Remembering the mayhem of August 21, 2004, we have to agree that the horrendous crimes committed on that day have left an indelible impact on the course and character of constitutional politics in Bangladesh. What should cause grave concern is the deadly contour of our confrontational politics. We may have to admit that extreme actions leading to annihilation of political adversary, though reprehensible, were a sad reality of our society in the not-too-distant past.
To recollect, the grenade assault of August 21, 2004 was clearly a manifest attempt to wipe out the entire leadership of Bangladesh Awami League. The damage that was caused and its far-reaching ramifications cannot be brushed aside. The double-figure deaths and crippling injuries of hundreds should make us wonder if the state organs investigating the incident and the then political authority realised the enormity of the dastardly attack.
We may also recollect that the investigation of the above incident was not taken in the right earnest that it deserved and the first indication of that was the unpardonable failure to protect and preserve the scene of occurrence. There was allegation that physical evidence was tampered with and destroyed. The field units did not act with desired speed and circumspection. The question is, did this happen because of a so-called instruction from above? The culpability of all concerned, high and low, needs to be established.
Violent incidents that include murder of politicians are symptomatic of deep polarisation in society and weak institutions. The quantity and quality of violence characterising Bangladeshi society at all levels today mostly has an irreducibly political context. Overt and visible violence co-exists with invisible violence that destroys the identity of human beings. The visible violence, being situational and physical, can be dealt with through law and order solutions.
In our parlance, politics did enter a phase in which hired thugs who perpetrated violence were assured of protection from prosecution. Very few felt ashamed as politics acquired a pejorative connotation by the fact of its manifest association with conflict and violence. The civil society was undermined by the stimulation of politics based on division and acrimony.
Cynical observers of our social scene are of the view that there is a functional utility of violence for politicians. Such opinions point an accusing finger towards the suspected state complicity in the perpetration of organised acts of violence and the inordinate delays in securing justice for the victims. This delay is alarming as it sends a clear message to potential criminals that no harm will come to them in the event of repeated performances of criminal activities.
In Bangladesh, we need to seriously acknowledge the significance of authoritative approval or condoning of violence because such action is construed as social approval. The so-called political circumstances have often obstructed accountability of the culpable individuals. There is a good reason to believe that a considerable number of officials abnegated their responsibility to protect all citizens regardless of their identity.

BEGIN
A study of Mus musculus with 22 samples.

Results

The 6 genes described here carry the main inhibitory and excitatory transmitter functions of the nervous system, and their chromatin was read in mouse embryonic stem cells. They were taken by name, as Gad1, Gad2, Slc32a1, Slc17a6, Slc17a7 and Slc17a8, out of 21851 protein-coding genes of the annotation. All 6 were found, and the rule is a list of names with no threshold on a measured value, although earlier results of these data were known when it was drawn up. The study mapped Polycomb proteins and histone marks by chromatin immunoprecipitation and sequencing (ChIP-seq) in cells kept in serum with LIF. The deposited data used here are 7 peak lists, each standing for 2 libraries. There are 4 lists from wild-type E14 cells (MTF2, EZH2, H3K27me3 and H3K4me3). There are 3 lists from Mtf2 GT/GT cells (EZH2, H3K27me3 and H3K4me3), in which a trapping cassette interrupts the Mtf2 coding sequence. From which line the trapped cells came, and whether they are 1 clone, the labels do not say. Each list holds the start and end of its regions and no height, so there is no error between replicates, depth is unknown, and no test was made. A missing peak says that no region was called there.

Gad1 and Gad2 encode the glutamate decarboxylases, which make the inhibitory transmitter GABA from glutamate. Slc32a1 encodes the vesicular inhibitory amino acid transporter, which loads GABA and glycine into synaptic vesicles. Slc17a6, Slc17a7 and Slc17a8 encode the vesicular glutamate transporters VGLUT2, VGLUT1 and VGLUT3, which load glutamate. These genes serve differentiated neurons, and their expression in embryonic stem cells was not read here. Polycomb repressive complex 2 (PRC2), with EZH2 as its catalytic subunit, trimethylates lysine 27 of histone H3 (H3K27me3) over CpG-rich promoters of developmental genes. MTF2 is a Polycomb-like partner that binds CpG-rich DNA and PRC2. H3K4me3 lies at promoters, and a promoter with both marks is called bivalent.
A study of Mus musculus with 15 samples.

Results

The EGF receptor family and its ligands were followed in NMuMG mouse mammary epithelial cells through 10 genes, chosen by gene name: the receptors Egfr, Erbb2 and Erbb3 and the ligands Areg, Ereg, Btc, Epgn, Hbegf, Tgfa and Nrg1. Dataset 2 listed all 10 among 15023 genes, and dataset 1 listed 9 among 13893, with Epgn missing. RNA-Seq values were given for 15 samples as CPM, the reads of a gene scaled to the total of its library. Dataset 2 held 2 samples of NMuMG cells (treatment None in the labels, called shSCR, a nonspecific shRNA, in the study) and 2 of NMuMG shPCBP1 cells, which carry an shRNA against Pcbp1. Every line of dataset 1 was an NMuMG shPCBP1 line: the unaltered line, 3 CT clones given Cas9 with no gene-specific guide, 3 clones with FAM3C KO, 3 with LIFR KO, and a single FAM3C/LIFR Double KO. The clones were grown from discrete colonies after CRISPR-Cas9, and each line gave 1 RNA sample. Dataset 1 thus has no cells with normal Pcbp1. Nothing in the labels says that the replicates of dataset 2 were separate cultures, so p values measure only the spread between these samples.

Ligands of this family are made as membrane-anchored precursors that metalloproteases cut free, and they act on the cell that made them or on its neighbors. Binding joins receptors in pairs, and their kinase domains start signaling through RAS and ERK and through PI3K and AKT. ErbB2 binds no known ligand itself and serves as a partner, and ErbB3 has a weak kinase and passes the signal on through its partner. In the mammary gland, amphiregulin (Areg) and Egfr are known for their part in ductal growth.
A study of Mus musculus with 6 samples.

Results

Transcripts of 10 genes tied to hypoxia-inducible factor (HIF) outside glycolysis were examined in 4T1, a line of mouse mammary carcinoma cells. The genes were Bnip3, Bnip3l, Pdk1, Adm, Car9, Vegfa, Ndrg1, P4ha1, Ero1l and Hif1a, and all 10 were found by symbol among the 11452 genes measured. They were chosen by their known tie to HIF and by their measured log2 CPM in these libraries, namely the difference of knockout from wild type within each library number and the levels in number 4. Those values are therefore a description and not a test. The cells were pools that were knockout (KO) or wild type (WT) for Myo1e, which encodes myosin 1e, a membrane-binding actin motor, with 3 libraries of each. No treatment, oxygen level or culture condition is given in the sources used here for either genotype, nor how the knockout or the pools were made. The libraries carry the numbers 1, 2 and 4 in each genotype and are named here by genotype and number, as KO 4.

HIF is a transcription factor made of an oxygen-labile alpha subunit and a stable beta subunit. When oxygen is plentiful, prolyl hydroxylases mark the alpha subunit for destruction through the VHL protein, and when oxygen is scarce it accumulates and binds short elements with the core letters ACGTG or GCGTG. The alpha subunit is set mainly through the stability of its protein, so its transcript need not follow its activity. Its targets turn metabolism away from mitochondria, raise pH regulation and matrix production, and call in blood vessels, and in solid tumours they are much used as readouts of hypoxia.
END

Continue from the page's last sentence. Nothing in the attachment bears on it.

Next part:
The disturbing reality in Bangladesh is that with the change of political regime, the faces of the criminals and their sources of patronage change. At times the same criminals who had terrorised the community under the patronage of the outgoing ruling party continued their depredations with a renewed mandate from the incumbent ruling party.
Quite often, the disconcerting socio-political reality is that the source of deterioration in crime and order situations originated in the continuing patronage of criminals and bullies by the incumbent ruling party. Practically, what the people see is the end result of a cumulative process of patronised crime, practiced over successive regimes.
The premonition is that if criminals continue to enjoy immunity from law enforcement over successive administrations, then we have a systemic crisis at hand, and a serious one at that. The manifestation of that crisis relates to the allegation of selective law enforcement scenario wherein state functionaries hesitate to enforce the law, on their own.
The suspicion is that the systemic deficiency is located within the political parties and machinery of law enforcement. The desired corrective actions cannot be taken unilaterally by the ruling party, which calls for a bipartisan approach with active involvement of the civil society. Demobilisation of criminal elements by the ruling party demands a reciprocal response from the political opponents. The remedy lies in cleaning our politics through a decriminalisation policy, backed by the de-politicisation of law enforcement as well as the administration.
Muhammad Nurul Huda is a former IGP and a columnist of The Daily Star.